COMMENTARY
By - | November 22nd 2012

By Edward Aboki Begi

NAIROBI, KENYA, Nov. 22 - A question we must ask is whether in the face of the clear and unambiguous provisions of the law of what amounts to abuse of office under section 46 as read together with section 48 of the Anti-corruption and Economic Crimes Act, it will be trite to hold accountable those investigators, crime readers and prosecutors who unnecessarily charge people for abuse of office over non compliance with internal regulations and memos?

In fact recent cases on abuse of office charge reminds me of the impunity of the past criminal justice where on the flimsy of the cases where the evidence was so weak as to sustain a conviction in a court of law, investigators could coin a charge of ‘being drunk and disorderly’ as a standard norm.

I cannot help but ask the questions again and again, aren’t these officers guilty of abuse of office charge for abusing their investigative, crime reading and prosecutorial powers?

I ask this question owing to a worrying trend in which our courts of law have poured cold water on the paucity of evidence on abuse of office charges finding their way to our corridors of justice bringing into question the capacity of our investigators, crime readers and prosecutors to bring justice to saboteurs of our economy whom the Anti-Corruption and Economic Crimes Act was meant to deal with.

A charge of abuse of office is normally brought under section 46 as read together with section 48 of the Anti-Corruption and Economic Crimes Act No. 3 of 2003.

To sustain a charge of abuse of office as defined under section 48 of the Anti-corruption and Economic Crimes Act, it must be demonstrated that there was improper use of a public office to confer a benefit.

It is also important to disclose the nature of the benefit conferred.

A charge of abuse of office must essentially entail all of the following ingredients namely; that an accused person is a state officer occupying a public office within the meaning of Article 260 of the Constitution of Kenya 2010, an accused must have used his/her office to confer a benefit and that the nature of the benefit must clearly be disclosed.

Before 2002, not many cases of abuse of office were finding their way to the courts of law. But after the enactment of the Anti-Corruption and Economic Crimes Act No. 3 of 2003 a number of these cases on abuse of office started having their way to the corridors of justice. This led the Court of Appeal to observe in the case of Republic -vs.- Hosea Waweru & Mwenda Guntai as follows;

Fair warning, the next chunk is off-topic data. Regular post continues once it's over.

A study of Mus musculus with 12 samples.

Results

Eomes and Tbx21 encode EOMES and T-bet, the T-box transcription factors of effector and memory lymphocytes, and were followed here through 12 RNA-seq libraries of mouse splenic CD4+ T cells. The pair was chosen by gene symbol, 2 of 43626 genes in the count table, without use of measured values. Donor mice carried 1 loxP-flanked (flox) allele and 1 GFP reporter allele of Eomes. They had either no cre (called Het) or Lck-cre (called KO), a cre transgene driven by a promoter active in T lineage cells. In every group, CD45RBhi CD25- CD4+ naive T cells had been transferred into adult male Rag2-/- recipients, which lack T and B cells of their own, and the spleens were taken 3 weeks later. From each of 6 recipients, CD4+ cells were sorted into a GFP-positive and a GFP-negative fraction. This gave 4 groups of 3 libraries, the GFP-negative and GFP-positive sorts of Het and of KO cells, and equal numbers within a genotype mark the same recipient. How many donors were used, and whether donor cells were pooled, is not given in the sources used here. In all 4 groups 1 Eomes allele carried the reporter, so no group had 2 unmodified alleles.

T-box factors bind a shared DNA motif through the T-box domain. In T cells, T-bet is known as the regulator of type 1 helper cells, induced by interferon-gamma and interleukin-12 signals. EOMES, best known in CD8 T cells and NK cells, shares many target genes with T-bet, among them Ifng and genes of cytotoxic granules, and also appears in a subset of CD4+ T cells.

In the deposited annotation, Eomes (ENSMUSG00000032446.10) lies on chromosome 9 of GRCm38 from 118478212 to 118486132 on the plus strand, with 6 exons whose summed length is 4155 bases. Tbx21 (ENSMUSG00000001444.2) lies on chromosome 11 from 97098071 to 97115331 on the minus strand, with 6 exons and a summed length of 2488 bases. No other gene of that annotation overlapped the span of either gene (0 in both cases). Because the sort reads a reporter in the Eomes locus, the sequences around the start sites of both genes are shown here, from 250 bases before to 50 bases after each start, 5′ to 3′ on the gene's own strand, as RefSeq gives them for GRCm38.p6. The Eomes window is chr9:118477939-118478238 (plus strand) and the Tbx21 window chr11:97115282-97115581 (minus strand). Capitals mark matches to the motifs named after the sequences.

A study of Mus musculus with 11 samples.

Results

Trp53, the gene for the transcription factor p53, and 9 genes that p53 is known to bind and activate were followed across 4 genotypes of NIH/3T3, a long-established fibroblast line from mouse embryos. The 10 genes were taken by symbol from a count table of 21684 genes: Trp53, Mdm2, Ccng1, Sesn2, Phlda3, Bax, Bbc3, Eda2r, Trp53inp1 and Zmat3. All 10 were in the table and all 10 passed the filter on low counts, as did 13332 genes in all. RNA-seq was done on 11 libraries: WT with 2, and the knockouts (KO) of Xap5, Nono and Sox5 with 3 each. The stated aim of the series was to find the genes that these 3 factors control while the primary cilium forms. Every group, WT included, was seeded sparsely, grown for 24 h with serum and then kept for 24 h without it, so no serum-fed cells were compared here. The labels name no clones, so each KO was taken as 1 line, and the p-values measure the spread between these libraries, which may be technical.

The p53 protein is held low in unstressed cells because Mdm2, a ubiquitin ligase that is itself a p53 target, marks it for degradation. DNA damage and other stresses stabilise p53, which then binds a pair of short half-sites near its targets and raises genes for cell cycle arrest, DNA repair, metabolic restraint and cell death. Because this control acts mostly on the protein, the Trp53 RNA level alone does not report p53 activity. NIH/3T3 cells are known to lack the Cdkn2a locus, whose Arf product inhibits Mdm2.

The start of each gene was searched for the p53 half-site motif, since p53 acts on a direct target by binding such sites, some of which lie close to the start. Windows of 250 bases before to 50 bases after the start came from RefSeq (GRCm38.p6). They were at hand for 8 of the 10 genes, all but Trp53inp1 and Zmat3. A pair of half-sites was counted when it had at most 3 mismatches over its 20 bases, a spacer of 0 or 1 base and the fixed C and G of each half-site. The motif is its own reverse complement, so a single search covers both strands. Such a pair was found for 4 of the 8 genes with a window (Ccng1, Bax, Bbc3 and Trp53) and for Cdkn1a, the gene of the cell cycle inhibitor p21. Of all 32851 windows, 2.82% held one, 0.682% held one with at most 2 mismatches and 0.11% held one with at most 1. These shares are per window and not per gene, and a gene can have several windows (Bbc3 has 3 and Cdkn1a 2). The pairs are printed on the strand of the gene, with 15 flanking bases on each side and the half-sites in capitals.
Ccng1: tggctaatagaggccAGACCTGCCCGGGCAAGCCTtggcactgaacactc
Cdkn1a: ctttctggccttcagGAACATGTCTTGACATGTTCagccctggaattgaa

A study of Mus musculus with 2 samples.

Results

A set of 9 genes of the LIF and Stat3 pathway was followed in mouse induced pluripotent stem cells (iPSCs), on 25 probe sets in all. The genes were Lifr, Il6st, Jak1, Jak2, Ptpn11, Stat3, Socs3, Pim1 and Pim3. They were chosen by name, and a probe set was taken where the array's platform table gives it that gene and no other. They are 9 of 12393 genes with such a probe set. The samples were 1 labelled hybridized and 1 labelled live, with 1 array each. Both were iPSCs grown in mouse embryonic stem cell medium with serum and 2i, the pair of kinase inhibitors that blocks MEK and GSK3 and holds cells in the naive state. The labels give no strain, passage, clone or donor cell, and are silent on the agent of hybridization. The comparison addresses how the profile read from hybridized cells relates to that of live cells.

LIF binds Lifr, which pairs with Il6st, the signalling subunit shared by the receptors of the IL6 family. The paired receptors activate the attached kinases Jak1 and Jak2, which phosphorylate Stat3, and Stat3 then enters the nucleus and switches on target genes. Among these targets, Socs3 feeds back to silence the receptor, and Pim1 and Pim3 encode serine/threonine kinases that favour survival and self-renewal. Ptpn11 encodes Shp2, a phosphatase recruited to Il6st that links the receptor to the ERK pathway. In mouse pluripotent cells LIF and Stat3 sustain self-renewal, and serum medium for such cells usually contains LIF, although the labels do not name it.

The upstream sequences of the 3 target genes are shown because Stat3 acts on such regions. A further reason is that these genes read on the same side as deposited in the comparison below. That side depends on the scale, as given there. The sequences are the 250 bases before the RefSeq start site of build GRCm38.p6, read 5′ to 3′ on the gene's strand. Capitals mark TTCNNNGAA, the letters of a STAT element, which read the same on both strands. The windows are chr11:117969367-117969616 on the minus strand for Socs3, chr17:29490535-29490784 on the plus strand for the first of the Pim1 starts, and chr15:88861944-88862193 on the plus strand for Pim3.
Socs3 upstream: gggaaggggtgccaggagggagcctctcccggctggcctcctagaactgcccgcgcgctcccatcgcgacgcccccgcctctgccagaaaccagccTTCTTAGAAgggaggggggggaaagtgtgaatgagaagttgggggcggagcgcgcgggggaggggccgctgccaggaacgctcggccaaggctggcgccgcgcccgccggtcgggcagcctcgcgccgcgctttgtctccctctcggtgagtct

“...the abuse of office charges though having been in the penal code for decades only started being filed in the courts after 2002. These charges create a new crop of hitherto uncommon offences and there are very few decides cases on them hence a dearth of authority. The purpose of the regulations is to promote economy and efficiency in the public procurement procedures and ensure that public procurement procedures are concluded in a fair, transparent and non-discriminatory manner thereby contributing towards the creation of sound business in Kenya”.

ill-advised

Whereas my brief in this article is not to applaud or castigate the learned Judge Nicholas Ombija in the manner he handled and analysed circumstances surrounding the prosecution of the Minister for industrialisation  Henry Kiprono Kosgey’s case, I must nevertheless applaud his bravery in exposing the weaknesses in our investigations and prosecutions systems.

No doubt the Director of Public Prosecution, Mr Keriako Tobiko, is a polished and accomplished legal mind but I must warn him that Kenyans are yearning for results in credible investigations on scandals that have dominated the collision government.

He must acquit himself from the perception that he is a political pawn and cautiously avoid falling prey to whimsical political considerations to powerful political forces, as therein lies the beginning of the fall of his shining legal career nutured for over two decades in private legal practice.

I cannot put it better but absolutely agree with the reasoning of the Justice Nicholas Ombija in the Henry Kiprono Kosgey case when he asserted as follows, “a breach of regulations (per se) does not equal to a commission of a criminal offence”.

In arriving at the reasoning the Justice Ombija quoted the Court of Appeal holding in the case of Republic vs. Hosea Waweru & Joram Mwenda Guntai and the Chief Magistrates, Nairobi Civil Appeal No. 228 of 2003; in which the Judges of the Court of Appeal held as follows, ‘any perceived criminal charges on the regulations would in most cases be ill-advised.’

Overall what must always pre-occupy the mind of any intelligent investigator and crime reader is the cardinal principal in criminal justice that an accused person is always guaranteed a right to be informed of the allegations he/she is to be charged with. This has now been embedded in our constitution in chapter four under the Bill of rights.

The writer is an advocate of the High Court of Kenya.